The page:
Montana Commissioner of Political Practices office
The office of the Montana Commissioner of Political Practices. Credit: Eliza Wiley/MTFP

The Montana Commissioner of Political Practices found this week that a Republican candidate for House District 82 in Helena tried to pay vendors with bad checks and misreported accrued debts as expenditures, referring the matter to the Lewis and Clark County attorney for possible prosecution. 

Alden Tonkay, who until mid-July served as communications director for the Montana Republican Party, misreported a minimum of $2,264 in debts, Commissioner Jeff Mangan found. Those debts stemmed from non-payment to Helena sign-making and catering companies. 

Tonkay repeatedly told the commissioner’s office he would send a response to the complaint as well as a full accounting of his campaign finances, but never delivered, according to Mangan’s decision. 

When the office wrote Tonkay seeking a response, it found the Helena P.O. Box associated with his campaign to be inactive. What information the commissioner’s office could gather on Tonkay’s contact information suggests he no longer lives in the district. One of the checks Tonkay attempted to pay a vendor with listed an address in Three Forks different from both the physical and mailing addresses recorded in his statement of candidacy. 

“Candidate Tonkay has deceived both his campaign contributors and Montana citizens as to the accuracy and disposition of the Tonkay Campaign Treasury,” the commissioner wrote. 

Signs Now Helena filed the initial complaint in August. Tonkay, according to information provided to the commissioner’s office, gave the company a check for $1,565 in May that was returned by the bank with a notice of insufficient funds. Tonkay apologized and repeatedly promised to send a new check, often excusing the delay by saying he was out of town. In texts to the company’s owner, Trevor Parrish, Tonkay said he was working extra jobs and selling personal belongings to pay the debt, as his campaign funds were frozen. At one point, he sent a picture of fanned-out cash with a tracking number, saying the money was on the way. The funds were never delivered.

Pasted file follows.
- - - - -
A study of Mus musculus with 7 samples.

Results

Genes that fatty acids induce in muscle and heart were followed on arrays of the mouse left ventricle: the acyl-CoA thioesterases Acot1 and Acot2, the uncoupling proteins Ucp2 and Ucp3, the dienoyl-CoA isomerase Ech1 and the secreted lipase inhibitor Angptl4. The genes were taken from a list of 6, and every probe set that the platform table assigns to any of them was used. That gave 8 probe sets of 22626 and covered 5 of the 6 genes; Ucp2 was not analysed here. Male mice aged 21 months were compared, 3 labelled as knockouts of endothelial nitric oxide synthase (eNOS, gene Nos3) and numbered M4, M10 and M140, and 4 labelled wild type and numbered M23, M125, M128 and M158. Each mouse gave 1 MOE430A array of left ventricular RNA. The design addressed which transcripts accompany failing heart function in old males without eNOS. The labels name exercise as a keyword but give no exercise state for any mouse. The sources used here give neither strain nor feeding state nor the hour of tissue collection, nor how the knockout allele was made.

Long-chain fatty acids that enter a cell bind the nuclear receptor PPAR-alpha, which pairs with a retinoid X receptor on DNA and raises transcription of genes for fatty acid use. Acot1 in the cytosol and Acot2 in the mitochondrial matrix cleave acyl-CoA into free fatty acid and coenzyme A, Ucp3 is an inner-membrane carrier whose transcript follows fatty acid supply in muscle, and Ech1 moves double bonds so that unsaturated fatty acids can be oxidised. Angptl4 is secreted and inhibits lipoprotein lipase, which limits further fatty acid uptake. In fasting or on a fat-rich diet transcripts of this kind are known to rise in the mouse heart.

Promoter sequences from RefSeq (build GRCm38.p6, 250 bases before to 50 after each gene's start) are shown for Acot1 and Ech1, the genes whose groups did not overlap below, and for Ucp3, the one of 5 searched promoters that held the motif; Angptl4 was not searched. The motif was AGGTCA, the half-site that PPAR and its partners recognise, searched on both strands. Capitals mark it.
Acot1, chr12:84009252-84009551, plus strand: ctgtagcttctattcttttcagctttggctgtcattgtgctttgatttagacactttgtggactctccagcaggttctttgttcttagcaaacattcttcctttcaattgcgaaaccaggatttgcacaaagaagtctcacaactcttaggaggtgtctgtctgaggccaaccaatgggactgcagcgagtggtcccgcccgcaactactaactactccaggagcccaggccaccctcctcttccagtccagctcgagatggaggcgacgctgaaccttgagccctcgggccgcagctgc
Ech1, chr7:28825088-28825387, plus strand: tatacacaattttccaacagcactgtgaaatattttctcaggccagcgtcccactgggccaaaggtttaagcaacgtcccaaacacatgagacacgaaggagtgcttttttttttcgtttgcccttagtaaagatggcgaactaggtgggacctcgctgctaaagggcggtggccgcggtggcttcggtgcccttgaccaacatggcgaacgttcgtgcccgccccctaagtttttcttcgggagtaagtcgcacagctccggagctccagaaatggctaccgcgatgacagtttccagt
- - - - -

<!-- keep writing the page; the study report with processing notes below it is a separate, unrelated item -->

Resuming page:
The commissioner found Tonkay had similarly failed to pay Helena’s Chili O’Brien’s Catering for the company’s work at a campaign meet-and-greet. He made one payment of $180, but still owed $540. 

Tonkay, meanwhile, reported on his campaign finance paperwork that he had paid his vendors and did not list his debt, appearing to “purposely report false information indicating expenditures of contributor’s campaign donations on reportable campaign expenditures,” Mangan found.

The money, as of the Oct. 7 decision, remains unaccounted for, the report says. Tonkay has still not filed a formal response with the commissioner, and also failed to report his campaign’s September expenditures. 

Tonkay, reached by phone Friday, said he would not have a statement ready by Montana Free Press’ publication deadline, since he was traveling, but claimed to have paid his debt Friday morning. MTFP reached out to Signs Now Friday, but was unable to confirm Tonkay’s claim by publication.


Tonkay is challenging Democratic Rep. Mary Caferro. In March, he filed a political practices complaint against Caferro alleging she paid — but failed to report — a $15 candidate filing fee. Caferro filed an amended report including the fee after hearing from the commissioner’s office.

“While candidate Caferro did fail to timely disclose her payment of the candidate filing fee on campaign finance reports filed with the COPP, this action did not deprive the public the knowledge of the candidate’s filing fee,” Mangan wrote. “As candidate Caferro has amended the campaign finance report disclosing the filing fee as required, no further enforcement action in this matter will be taken.”